My Problem With The Social Gospel

I was reading Merton on the beach yesterday - "New Seeds Of Contemplation" - and came across this passage that summarizes what I hold to be the authentic Christian teaching on wealth, and government:

A man cannot be a perfect Christian - that is, a saint - unless he is also a communist. That means that he must either give up all right to possess anything at all, or else only use what he himself needs, of the goods that belong to him, and administer the rest for other men and for the poor: and in his determination of what he needs he must be governed to a great extent by the gravity of the needs of others. ...

If Christians had lived up to the Church's teaching about property and poverty there would never have been any occasion for the spurious communism of the Marxists and all the rest - whose communism starts out by denying other men the right to own property.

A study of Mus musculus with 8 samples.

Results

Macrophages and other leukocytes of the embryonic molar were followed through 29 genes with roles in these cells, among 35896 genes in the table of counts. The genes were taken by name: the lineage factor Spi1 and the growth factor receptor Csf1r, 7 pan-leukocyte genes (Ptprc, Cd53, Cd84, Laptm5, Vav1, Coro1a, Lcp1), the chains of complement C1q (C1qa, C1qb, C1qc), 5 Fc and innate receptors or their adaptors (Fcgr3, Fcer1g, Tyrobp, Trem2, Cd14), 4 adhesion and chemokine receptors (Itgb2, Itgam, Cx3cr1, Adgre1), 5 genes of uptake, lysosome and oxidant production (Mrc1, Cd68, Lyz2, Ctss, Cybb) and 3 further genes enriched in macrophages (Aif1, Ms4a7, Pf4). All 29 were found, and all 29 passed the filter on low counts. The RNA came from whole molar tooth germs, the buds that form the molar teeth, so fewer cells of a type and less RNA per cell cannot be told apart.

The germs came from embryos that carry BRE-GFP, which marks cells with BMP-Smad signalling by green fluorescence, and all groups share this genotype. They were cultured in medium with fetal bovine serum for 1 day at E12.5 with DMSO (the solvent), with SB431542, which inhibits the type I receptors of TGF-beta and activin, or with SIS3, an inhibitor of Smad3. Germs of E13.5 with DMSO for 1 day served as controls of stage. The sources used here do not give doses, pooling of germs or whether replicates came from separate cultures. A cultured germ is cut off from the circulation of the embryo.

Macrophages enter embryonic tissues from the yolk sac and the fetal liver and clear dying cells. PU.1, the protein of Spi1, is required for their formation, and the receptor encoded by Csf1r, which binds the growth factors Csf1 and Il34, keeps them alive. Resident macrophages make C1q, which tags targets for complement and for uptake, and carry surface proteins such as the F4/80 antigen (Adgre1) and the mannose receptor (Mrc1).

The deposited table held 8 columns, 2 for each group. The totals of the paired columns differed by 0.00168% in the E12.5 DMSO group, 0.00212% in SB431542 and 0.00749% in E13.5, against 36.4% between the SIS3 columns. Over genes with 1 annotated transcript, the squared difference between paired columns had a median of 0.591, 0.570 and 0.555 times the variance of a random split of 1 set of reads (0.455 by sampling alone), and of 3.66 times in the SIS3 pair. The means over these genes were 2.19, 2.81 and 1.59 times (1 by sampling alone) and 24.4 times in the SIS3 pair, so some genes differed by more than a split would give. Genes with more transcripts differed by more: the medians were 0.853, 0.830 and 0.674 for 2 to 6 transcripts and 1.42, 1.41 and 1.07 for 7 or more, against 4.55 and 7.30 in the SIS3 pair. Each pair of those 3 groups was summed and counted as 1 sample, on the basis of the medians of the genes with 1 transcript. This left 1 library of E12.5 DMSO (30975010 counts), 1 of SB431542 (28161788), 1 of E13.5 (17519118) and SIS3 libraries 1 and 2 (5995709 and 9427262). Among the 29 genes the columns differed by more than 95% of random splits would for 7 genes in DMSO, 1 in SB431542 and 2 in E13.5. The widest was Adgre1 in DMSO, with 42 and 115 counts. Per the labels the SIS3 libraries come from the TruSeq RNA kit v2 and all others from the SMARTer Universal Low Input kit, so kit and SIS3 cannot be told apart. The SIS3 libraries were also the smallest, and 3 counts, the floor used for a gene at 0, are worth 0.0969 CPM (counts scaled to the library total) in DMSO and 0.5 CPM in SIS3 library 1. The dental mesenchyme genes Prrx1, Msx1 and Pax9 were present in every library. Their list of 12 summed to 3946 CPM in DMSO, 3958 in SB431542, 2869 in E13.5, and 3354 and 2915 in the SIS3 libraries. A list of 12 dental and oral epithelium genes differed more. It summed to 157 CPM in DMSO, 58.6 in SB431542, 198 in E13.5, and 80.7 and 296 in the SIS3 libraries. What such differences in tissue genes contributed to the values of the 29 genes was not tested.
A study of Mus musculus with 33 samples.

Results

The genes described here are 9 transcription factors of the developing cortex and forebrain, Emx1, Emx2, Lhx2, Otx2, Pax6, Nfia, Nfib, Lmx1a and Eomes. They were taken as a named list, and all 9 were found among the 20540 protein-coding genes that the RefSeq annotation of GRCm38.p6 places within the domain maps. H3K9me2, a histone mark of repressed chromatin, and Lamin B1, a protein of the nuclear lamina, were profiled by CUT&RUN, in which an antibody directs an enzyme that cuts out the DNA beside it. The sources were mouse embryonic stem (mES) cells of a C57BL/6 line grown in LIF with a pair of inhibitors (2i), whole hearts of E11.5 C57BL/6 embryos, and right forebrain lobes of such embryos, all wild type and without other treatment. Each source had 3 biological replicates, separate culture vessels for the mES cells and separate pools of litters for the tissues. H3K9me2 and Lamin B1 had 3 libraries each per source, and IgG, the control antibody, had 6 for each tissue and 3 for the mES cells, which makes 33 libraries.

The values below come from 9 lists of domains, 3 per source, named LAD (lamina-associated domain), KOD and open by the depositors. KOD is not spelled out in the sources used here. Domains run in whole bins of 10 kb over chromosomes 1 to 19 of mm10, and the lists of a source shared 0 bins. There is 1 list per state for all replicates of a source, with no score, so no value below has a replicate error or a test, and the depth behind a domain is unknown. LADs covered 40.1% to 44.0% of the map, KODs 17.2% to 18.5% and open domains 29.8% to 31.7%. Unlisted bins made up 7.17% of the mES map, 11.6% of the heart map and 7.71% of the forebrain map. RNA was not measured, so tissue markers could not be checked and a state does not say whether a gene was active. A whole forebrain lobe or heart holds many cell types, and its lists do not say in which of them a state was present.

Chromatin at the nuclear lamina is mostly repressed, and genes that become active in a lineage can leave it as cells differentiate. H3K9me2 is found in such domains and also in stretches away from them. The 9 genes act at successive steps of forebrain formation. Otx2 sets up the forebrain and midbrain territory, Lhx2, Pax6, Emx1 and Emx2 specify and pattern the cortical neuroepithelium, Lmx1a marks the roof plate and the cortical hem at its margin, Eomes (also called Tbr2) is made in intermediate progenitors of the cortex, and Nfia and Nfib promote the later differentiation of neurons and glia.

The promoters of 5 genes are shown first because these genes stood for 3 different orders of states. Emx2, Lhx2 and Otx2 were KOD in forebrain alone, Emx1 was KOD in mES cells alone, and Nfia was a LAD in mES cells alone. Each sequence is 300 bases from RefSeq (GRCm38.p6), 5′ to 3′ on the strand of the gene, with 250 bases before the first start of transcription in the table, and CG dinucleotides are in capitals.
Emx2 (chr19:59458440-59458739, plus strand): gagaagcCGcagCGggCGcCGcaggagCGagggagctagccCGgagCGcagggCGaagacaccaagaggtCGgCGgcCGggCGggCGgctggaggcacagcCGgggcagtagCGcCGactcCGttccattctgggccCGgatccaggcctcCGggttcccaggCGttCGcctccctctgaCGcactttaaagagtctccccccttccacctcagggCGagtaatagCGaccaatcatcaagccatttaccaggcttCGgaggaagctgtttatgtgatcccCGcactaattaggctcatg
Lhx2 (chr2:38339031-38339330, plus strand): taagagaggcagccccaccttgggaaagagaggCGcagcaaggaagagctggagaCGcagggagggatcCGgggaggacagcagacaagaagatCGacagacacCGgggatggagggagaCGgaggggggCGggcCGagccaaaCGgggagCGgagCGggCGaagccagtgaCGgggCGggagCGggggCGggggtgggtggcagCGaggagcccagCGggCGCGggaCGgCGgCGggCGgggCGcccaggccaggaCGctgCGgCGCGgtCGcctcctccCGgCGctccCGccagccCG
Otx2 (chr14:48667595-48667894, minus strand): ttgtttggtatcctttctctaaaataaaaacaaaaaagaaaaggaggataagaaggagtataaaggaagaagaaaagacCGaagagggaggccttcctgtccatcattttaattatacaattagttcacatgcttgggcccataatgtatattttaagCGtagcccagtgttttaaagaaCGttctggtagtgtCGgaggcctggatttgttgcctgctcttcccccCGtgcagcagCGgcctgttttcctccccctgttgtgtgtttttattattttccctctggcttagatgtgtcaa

The italics are in the original. And this is why the cooptation of Christianity for various forms of socialism and redistributionism - Obama's tendency - is worrying to me. Because it isn't about encouraging charity; it is about the enforcement of "charity" by the strong hand of the state. And in so far as it forcibly takes people's property from them, it also diminishes their capacity for real charity.

Now, saints are very rare.

And the kind of voluntary communism of which Merton speaks likely only in monasteries and religious orders. In the world as it is, there should be some mandatory public provision for the poor, the sick and the indigent. But it should be a safety-net to avoid specific social evils, not a system of redistribution to construct some notion of "social justice" (see Chapter 6 in "The Conservative Soul"). In the end, the social Gospel can make Christianity less, rather than more, likely. The state cannot experience faith; and it cannot express charity. Only individuals can. One by one.